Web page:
The House Budget Committee on March 12 approved its version of the state operating budget for the 2015 fiscal year, which begins July 1.
The committee version authorizes $26.63 billion in total spending, which is more than a $1 billion below the $25.67 billion Gov. Jay Nixon had requested.
Much of the difference comes from the refusal of Republican committee members to accept federal funding to expand the state’s Medicaid eligibility threshold to 138 percent of the federal poverty level.
The expansion is authorized by the federal Affordable Care Act and would extend health care coverage to roughly 300,000 additional Missourians.
The House version of the FY 2015 budget also takes an unorthodox approach to funding local public schools.
Instead of outright providing the full $278 million funding increase recommended by the governor, the committee guarantees school districts just $122 million.
As much as $156 million in additional funding would be provided if certain revenue projections are met.
However, that means the additional funding wouldn’t be made available until late in the fiscal year, which presents uncertainty for school districts as they prepare their budgets for the coming school year over the summer.
The committee also applied the two-tiered approach to higher education funding.
Two-year and four-year institutions would receive a 2 percent increase in the coming fiscal year, with the potential for a total bump of 3 percent if revenue collections prove sufficient.
Nixon had recommended a 5 percent increase for four-year institutions and a 4 percent increase for community colleges.
The higher education budget also includes a controversial provision that would prohibit public colleges and universities from offering in-state tuition to students who live in Missouri but aren’t legal U.S. residents.
By a vote of 84-63-1, the House of Representatives on March 13 approved legislation that would provide municipalities the legal authority to operate traffic enforcement cameras to ticket motorists who speed or run red lights.
In a string of recent decisions, various panels of the Missouri Court of Appeals have ruled local traffic camera ordinances are “void and unenforceable” because they conflict with existing state laws.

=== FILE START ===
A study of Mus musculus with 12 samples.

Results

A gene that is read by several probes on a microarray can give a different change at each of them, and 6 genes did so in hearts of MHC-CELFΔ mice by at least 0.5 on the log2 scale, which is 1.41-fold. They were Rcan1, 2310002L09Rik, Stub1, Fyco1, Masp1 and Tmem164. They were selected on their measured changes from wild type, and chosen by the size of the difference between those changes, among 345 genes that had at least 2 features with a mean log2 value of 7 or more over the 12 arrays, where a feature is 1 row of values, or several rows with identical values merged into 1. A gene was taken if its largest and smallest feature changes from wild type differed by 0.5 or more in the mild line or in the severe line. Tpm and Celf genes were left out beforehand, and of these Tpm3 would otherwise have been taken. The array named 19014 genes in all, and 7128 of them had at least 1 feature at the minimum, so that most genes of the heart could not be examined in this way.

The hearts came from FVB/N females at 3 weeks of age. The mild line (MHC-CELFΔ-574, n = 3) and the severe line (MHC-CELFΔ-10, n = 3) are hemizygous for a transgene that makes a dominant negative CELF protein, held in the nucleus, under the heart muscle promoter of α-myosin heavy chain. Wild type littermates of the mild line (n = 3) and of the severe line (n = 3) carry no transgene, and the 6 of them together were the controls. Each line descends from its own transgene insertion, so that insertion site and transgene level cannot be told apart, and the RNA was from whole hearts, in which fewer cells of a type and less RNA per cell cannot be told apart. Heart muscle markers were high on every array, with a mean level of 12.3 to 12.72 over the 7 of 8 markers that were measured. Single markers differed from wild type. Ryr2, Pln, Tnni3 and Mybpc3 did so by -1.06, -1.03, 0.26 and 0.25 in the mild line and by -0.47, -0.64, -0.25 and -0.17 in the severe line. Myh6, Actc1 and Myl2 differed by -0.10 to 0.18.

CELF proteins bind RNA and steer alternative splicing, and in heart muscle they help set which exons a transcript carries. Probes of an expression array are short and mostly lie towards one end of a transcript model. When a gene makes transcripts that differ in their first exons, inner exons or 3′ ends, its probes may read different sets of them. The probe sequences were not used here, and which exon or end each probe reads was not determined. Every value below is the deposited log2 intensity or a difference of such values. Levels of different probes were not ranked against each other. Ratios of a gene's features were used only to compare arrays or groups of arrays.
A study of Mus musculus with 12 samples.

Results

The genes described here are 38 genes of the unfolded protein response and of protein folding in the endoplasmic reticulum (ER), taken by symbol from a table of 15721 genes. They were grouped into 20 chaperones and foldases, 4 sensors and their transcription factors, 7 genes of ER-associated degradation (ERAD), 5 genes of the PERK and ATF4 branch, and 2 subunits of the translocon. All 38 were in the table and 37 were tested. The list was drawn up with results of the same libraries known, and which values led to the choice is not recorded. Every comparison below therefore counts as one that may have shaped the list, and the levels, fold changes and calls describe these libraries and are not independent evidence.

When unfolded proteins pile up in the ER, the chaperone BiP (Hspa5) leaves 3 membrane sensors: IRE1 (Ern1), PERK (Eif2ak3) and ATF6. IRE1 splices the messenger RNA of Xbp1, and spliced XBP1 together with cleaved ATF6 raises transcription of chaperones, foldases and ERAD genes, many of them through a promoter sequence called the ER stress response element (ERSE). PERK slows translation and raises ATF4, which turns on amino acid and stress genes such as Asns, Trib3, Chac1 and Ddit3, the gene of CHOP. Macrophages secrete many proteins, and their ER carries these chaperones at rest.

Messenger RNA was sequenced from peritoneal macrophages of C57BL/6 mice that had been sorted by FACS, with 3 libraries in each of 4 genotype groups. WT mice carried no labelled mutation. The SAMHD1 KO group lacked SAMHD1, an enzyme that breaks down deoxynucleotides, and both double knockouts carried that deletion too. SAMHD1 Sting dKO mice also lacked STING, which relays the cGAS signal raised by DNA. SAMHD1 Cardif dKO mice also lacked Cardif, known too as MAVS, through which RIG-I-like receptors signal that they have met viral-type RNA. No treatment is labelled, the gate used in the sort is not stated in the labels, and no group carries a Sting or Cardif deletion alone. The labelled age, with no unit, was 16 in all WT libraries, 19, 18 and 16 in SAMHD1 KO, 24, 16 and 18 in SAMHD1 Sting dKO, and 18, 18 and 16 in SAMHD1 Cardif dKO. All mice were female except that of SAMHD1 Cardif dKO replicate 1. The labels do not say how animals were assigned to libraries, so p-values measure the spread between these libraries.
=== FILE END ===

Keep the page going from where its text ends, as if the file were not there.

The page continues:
Under HB 1557, municipalities could operate traffic cameras, subject to various restrictions, including requiring a certified police officer to review all alleged violations before issuing a ticket.
A violation resulting from an automated traffic enforcement system would be considered an infraction punishable by up to $135, with no points assessed against a driver’s license.
Supporters say cameras are an important tool to promote compliance with traffic laws and improve public safety.
Opponents say cities primarily use them to generate revenue.
They also say prohibiting points from being assessed against a offender’s license allows bad drivers to rack up numerous violations without fear of losing their driving privileges, thus undermining the public safety argument.
HB 1557 now advances to the Senate.
Missouri’s 2016 presidential primary would be shifted from Feb. 2 to March 15 under legislation the House of Representatives approved on March 13 by a vote of 97-48.
The bill, HB 1902, is prompted by rules adopted by the national Republican and Democratic parties in recent years that prohibit all but certain states from holding presidential primaries or nominating caucuses earlier than March.
After Missouri lawmakers failed to enact similar legislation in 2011, the state faced the loss of delegates to the 2012 national party convention.
The state Democratic Party received a waiver from the national party from the early primary rule and was awarded its full slate of delegates.
The state Republican Party opted to ignore the results of Missouri’s 2012 Republican presidential primary and instead held county nominating caucuses that March to award delegates to presidential candidates.
HB 1902, which now advances to the Senate, is intended to avoid a repeat of that situation.